PLAINTIFFS: Christine McLean (left) demonstrates with co-plaintiff Nivea Earl their work, subject of a new civil rights suit over Arkansas licensing standards. Brian Chilson

The Insitute for Justice, an Arlington, Va.-based libertarian legal organization, has filed a lawsuit in Arkansas challenging the requirement that people who work as hair braiders must first be licensed by the state Cosmetology Board.

The suit was filed in federal court on behalf of Christine McLean of Little Rock and Nivea Earl of Jacksonville. McLean has already been fined for braiding without government permission.


A news release from the group said:

“Natural” or African-style hair braiding has been practiced for over 5,000 years. It is time tested and completely safe. But Arkansas considers braiders to be cosmetologists, so it requires that braiders attend cosmetology school for 1,500 hours and take two exams before they can ask for money for their services. Yet braiding is completely different from cosmetology. Unlike licensed cosmetologists—who cut hair, use caustic chemicals, dyes, and other artificial hair styling techniques—braiders just rely on their fingers and combs to create their styles. What’s more is that cosmetology school does not even teach braiding, and the two exams don’t test it.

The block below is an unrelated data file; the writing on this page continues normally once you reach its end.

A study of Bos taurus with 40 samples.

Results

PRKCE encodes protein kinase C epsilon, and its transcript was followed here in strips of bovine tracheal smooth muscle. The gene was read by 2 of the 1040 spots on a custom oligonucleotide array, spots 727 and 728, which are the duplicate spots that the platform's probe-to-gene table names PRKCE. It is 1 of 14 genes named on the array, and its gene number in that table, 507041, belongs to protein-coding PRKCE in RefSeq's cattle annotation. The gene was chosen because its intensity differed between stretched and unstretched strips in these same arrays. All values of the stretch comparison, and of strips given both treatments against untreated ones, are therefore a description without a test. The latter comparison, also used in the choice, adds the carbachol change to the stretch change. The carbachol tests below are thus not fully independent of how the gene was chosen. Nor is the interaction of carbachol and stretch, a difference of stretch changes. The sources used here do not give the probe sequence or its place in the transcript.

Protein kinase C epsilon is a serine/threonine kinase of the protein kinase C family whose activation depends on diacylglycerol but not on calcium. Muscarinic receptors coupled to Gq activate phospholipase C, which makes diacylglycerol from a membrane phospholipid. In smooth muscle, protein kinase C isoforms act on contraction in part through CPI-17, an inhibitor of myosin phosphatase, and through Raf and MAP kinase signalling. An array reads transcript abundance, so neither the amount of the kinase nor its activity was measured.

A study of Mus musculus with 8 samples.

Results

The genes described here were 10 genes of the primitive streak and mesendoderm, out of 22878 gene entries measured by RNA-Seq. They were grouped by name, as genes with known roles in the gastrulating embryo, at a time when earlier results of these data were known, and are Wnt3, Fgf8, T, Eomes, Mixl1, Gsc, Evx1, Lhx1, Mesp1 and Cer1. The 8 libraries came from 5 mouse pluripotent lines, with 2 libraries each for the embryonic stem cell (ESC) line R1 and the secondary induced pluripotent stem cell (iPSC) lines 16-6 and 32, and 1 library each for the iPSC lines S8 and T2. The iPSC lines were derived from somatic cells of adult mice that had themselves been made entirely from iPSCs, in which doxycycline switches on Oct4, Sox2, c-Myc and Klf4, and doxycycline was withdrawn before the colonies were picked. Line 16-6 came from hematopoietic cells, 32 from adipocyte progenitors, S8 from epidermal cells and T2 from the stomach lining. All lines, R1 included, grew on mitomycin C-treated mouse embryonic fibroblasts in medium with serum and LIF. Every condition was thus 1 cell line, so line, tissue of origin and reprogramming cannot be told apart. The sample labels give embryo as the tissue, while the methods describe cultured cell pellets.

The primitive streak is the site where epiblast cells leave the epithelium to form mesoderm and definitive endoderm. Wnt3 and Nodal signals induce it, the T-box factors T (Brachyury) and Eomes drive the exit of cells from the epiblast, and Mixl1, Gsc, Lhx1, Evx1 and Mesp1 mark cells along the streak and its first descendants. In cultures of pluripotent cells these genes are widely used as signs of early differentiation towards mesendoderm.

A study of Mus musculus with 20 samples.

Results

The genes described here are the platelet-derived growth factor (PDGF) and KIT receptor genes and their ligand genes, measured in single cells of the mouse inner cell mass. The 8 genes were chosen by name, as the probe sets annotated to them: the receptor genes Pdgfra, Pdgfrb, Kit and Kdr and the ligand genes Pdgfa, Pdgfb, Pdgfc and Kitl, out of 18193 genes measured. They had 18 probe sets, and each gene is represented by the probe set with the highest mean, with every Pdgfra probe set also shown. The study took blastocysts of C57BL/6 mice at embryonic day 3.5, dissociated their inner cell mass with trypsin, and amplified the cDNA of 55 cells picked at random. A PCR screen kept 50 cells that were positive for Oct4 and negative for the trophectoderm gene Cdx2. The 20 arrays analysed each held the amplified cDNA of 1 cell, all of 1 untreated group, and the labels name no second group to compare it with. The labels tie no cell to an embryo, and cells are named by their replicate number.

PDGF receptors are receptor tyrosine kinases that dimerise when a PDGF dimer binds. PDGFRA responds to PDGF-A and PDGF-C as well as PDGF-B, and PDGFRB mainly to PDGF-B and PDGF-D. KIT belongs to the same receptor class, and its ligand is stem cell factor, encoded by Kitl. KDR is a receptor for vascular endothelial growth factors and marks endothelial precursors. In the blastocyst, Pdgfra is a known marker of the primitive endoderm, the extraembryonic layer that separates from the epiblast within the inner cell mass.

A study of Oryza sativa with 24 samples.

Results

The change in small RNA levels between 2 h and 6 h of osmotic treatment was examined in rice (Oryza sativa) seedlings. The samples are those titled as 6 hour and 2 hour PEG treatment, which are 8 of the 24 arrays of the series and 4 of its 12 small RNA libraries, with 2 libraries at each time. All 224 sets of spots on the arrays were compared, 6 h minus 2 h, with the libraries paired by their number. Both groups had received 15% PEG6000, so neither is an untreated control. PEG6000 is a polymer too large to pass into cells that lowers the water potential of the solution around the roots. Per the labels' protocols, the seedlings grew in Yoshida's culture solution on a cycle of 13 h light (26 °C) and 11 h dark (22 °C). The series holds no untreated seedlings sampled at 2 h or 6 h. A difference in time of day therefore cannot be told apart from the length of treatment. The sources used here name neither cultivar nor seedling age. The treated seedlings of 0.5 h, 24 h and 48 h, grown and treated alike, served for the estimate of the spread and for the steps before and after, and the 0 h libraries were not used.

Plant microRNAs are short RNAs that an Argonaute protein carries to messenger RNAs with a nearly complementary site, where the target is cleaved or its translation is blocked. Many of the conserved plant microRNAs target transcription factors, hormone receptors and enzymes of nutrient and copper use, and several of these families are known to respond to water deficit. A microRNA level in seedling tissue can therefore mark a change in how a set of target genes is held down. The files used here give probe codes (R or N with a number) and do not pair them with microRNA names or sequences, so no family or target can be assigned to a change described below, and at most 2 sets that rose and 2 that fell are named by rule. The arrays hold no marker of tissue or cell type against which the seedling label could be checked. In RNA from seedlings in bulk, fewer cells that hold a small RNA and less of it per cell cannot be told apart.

Similar lawsuits have been filed by the group in other states.


The Institute makes a larger point that we’ve long made — many Arkansas regulatory boards exist to control competition more than protect consumers.

The same legal group sued recently over a state Board of Dental Examiners rule that prohibits orthodontists from providing routine teeth cleaning.